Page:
Five months before the tragic events in Iquique, an astronomical expedition arrived at Oficina Alianza and stayed there for five weeks. The Lowell Expedition to the Andes travelled from New York to South America to photograph, for the first time ever, the complete surface of planet Mars. The aim was to provide evidence in support of the theory of 'life on Mars', strongly advocated by a wealthy amateur astronomer, writer and the patron of the expedition, Percival Lowell. Finding that the Atacama Desert had near-perfect conditions for astronomical observation, the expedition, sailing south along the Pacific Coast from Panama, came ashore in Iquique on the 14th of June 1907.
Around 1907, Mars embodied a utopian vision of scarce but shared resources and advanced, intelligent beings, an ancient planet that seemed to have lost most of its water. Percival Lowell's theory of 'life on Mars' pictured a planet whose inhabitants had built massive irrigation works to transport the water melting seasonally from the ice caps to irrigate the warmer, desertified lands of the planet's equator. Lowell imagined a Martian society that had overcome 'national' differences for the purpose of managing and sharing the planet's scarce water resources. For Percival Lowell the theory had a poignant reality, for he believed that Mars was the future of the Earth, and the abode of life.
Renowned astronomer David Todd was in charge of the expedition, also accompanied by his assistants, his daughter, and his wife Mabel Loomis Todd. Over six weeks the ‘Mars expedition’ produced 170 glass plates with about 10,000 negatives of the planet. The expedition members also wrote personal diaries and made notes on their work and on geographical observations, which were later published in various articles in magazines such as Cosmopolitan, Popular Astronomy and The Century Magazine.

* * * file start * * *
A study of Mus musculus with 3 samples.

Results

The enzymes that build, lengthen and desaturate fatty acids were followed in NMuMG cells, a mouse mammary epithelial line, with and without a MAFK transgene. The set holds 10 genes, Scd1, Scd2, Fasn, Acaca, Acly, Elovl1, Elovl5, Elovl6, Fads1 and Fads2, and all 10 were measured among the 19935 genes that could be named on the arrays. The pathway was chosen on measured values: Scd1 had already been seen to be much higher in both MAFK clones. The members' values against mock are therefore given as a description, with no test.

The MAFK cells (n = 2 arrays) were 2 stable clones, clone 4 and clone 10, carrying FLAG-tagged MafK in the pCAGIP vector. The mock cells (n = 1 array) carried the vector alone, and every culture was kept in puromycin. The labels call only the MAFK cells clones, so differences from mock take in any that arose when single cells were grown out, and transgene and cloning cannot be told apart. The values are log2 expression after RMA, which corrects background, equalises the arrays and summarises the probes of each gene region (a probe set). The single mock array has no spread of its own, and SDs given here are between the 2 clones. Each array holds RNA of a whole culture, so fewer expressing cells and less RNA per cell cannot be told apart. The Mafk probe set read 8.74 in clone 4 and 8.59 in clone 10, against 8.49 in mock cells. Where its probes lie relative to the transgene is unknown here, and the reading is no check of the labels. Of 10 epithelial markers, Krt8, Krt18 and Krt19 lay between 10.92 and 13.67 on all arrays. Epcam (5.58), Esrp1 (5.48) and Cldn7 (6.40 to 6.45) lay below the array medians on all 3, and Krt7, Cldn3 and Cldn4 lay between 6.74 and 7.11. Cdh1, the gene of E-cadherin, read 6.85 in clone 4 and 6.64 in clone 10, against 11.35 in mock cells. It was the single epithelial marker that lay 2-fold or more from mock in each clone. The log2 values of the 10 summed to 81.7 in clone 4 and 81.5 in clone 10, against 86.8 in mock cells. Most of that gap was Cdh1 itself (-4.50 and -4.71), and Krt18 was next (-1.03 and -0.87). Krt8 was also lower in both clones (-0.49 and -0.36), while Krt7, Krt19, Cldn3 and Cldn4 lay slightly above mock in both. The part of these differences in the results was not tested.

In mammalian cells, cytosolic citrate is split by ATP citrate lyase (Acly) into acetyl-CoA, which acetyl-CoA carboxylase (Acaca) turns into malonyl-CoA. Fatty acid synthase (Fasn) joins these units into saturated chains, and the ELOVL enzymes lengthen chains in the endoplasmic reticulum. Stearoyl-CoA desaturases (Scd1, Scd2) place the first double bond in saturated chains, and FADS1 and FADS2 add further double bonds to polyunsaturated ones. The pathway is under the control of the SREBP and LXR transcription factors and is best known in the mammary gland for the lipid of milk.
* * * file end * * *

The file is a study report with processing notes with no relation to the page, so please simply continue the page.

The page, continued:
Inspired by numerous horse and train rides across the desert, their writings contain meditations on the dryness of the landscape and the process of desertification of the earth as seen in Atacama, projecting onto the Martian geography observations made in the desert, thus superimposing two geographical descriptions, a lived geography and an imagined, distant one.
The 170 photographic plates made by the expedition at Alianza are accompanied by geographical observations taken from diaries and articles written by the different members of the expedition. These two geographical representations, one visual of Mars, and another written of the Atacama, mutually reflect each other.
On the expedition's return home, Mars became a desert narrative imagined from the driest landscape on Earth. Percival Lowell called the Mars photographs "doubt-killing bullets from the planet of war". But, in the end, the theory was abandoned and fell into obscurity. In the context of the history of nitrate, however, the Mars photographs, along with Mabel Loomis Todd’s photographs, can be read not only as the photographic negatives of an illusion, but also as the counter-images of an imagined geography, and of its fallen nitrate workers.